This column appeared in the October 2010 edition of “Report from the Capital”
By J. Brent Walker, BJC Executive Director
It’s good to be back from my summer-long sabbatical. Thanks to James Dunn, Buzz Thomas, Stan Hastey and Melissa Rogers for so ably writing this column. Thanks, too, for Holly Hollman and her good leadership serving as acting executive director. What a marvelous job she and the rest of the staff did in my absence.
I appreciate the Baptist Joint Committee Board’s generosity in allowing me this time off. The mainstay of my sabbatical was three road trips — one with my wife, Nancy, one with my son, Ryan, and one alone. I logged 10,200 road miles and traversed 29 states (including Hawaii for the Baptist World Alliance meeting) while visiting 16 presidential homes, museums and libraries and 12 professional baseball parks/games. I also mixed in a visit to the Grand Canyon and a week of teaching Vacation Bible School.
The trips’ basic itineraries were planned, but we were flexible enough to enjoy some serendipitous sidebars like visiting the Birmingham Civil Rights Institute in Alabama, the Cincinnati Zoo, the Louisville Slugger Museum and Factory, the Winston Churchill Memorial and Library at Westminster College in Fulton, Mo., the Colorado National Monument near Grand Junction, that “corner in Winslow, Arizona” and a lavender farm near Shawnee, Okla., to name a few.
The sabbatical was bracketed by two week-long spiritual retreats: one in Cullman, Ala., at St. Bernard’s (Benedictine) Abbey and the other at Eastern Point Retreat House (Jesuit) in Gloucester, Mass.
Although I went away for the summer, threats to religious liberty and fights to protect it did not. And, upon my return, I hit the ground running.
The week leading up to September 11 each year is always a trying time. This year it was exacerbated by the controversy over the proposed Islamic Center in Lower Manhattan and the threat to burn Qurans in Gainesville, Fla. My first day back, I joined other religious leaders in a meeting with U.S. Attorney General Eric Holder. We asked the nation’s chief law enforcement officer to make a strong public statement on September 11 underscoring the federal government’s commitment to religious freedom and condemning crimes and other forms of harassment and discrimination against Muslim and other faith communities.
The next day I had the rare opportunity of being interviewed on Alhurra television’s “Al Youm” program (called the “Today” show of that network). It broadcasts in 22 countries in the Middle East. I tried to communicate to the viewers in other parts of the world, particularly Muslims, how those who want to burn Qurans are far out of the mainstream of public opinion and to express a voice of reason from the mainstream of American Christianity.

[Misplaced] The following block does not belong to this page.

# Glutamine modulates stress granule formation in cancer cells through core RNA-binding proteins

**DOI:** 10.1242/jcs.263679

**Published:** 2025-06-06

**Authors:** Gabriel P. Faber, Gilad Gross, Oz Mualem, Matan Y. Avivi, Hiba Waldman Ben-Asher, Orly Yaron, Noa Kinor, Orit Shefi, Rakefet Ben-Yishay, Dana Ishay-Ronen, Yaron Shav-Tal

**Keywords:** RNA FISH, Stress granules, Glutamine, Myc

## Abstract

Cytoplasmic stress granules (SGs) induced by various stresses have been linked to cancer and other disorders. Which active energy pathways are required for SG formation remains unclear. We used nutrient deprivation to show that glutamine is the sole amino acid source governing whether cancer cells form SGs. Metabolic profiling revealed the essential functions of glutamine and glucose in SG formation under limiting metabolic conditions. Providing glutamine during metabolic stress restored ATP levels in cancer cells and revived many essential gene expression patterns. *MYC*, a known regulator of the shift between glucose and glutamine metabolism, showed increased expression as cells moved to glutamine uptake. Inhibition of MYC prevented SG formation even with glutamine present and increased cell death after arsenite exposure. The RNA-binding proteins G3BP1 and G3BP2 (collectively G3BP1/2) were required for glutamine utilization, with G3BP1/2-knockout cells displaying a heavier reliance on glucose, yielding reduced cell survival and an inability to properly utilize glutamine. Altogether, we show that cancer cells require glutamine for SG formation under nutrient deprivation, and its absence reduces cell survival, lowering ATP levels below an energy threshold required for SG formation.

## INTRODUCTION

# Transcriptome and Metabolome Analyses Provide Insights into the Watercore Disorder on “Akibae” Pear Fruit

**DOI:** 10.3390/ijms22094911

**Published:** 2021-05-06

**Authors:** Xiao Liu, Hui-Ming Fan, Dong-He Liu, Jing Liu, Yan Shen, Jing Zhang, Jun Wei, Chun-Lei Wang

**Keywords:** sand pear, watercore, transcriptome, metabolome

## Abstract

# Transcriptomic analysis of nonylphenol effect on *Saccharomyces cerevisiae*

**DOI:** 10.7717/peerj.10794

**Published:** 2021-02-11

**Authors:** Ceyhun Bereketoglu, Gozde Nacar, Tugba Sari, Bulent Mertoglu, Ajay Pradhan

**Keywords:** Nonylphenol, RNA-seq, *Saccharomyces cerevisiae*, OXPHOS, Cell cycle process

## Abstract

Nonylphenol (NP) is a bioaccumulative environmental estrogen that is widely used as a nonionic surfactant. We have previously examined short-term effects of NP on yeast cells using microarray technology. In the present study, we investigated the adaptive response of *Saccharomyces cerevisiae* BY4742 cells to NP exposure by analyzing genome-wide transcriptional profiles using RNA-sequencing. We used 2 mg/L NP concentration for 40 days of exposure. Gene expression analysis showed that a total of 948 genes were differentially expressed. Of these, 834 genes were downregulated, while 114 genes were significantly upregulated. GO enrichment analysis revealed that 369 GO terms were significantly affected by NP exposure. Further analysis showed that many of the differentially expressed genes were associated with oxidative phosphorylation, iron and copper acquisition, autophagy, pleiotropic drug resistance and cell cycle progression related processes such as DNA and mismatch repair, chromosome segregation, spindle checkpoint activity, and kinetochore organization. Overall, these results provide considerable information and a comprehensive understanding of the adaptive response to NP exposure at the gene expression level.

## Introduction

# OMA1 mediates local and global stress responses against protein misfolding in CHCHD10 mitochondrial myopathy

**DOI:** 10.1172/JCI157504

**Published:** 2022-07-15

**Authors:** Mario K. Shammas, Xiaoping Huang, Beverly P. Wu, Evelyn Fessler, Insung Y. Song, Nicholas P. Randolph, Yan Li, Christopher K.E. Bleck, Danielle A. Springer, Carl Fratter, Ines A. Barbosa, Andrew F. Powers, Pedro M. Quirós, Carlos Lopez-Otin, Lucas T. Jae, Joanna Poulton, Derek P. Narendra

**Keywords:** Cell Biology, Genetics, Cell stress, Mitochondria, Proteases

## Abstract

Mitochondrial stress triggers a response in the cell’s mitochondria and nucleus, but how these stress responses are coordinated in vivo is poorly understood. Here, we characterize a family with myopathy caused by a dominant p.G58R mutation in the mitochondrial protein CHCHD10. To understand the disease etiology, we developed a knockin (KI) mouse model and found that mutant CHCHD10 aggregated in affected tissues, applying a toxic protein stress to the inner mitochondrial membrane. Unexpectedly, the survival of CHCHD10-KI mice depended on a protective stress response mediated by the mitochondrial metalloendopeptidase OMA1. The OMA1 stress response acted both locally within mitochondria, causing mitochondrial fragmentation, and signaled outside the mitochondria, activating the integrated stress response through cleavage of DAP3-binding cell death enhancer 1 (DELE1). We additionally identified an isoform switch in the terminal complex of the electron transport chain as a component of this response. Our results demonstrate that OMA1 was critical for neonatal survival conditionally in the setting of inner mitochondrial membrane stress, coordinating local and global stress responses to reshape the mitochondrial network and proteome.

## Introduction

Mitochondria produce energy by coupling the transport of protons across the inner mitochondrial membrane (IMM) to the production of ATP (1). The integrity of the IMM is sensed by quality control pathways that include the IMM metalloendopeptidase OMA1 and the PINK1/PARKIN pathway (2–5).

On September 10, I had the privilege of appearing on “Hardball with Chris Matthews.” This gave me another opportunity to endorse, along with President Barack Obama and New York City Mayor Michael Bloomberg, the principle of religious liberty embodied in the proposed Islamic Center near, but certainly not on or even adjacent to, the hallowed soil of Ground Zero.
Yes, I went away for the summer, but religious liberty issues did not go away.
The following week, the First Amendment Center issued the tally of its annual State of the First Amendment Survey. The results of that poll indicate why the fight for religious liberty never ends. Although two-thirds of those responding endorsed the general idea of a clear separation of church and state under the First Amendment, an astonishing 53 percent believe that the U.S. Constitution establishes a “Christian nation.” Never mind that the Constitution does not mention Christianity and refers to religion only once in Article VI to disallow a religious test for public office, and the language in the First Amendment makes absolutely clear that government is not supposed to advance religion generally or to prefer any religion.
Equally disturbing are the results of a question dealing with the free exercise of religion in which 28 percent of the respondents said freedom to worship should not apply to religious groups “most people consider fringe or extreme.” I am glad this expresses a minority position, but even nearly three in 10 is way too many. The American experiment in religious liberty has been successful in large part because it has been able to assimilate and protect the religious freedom of “fringe or extreme” religions — from Baptists in colonial times to Catholics and Mormons in the 19th Century to Jehovah’s Witnesses and Christian Scientists in the 20th and, I pray, Muslims in the 21st.
So, we still have a lot of work to do, not just in the courts, the Congress and the White House, but in the forum of public opinion. Education — in the media, our schools and houses of worship — about the nature and value of religious freedom is absolutely essential to its preservation.
Threats to religious liberty and efforts to protect it never take a sabbatical.
From the October 2010 Report from the Capital.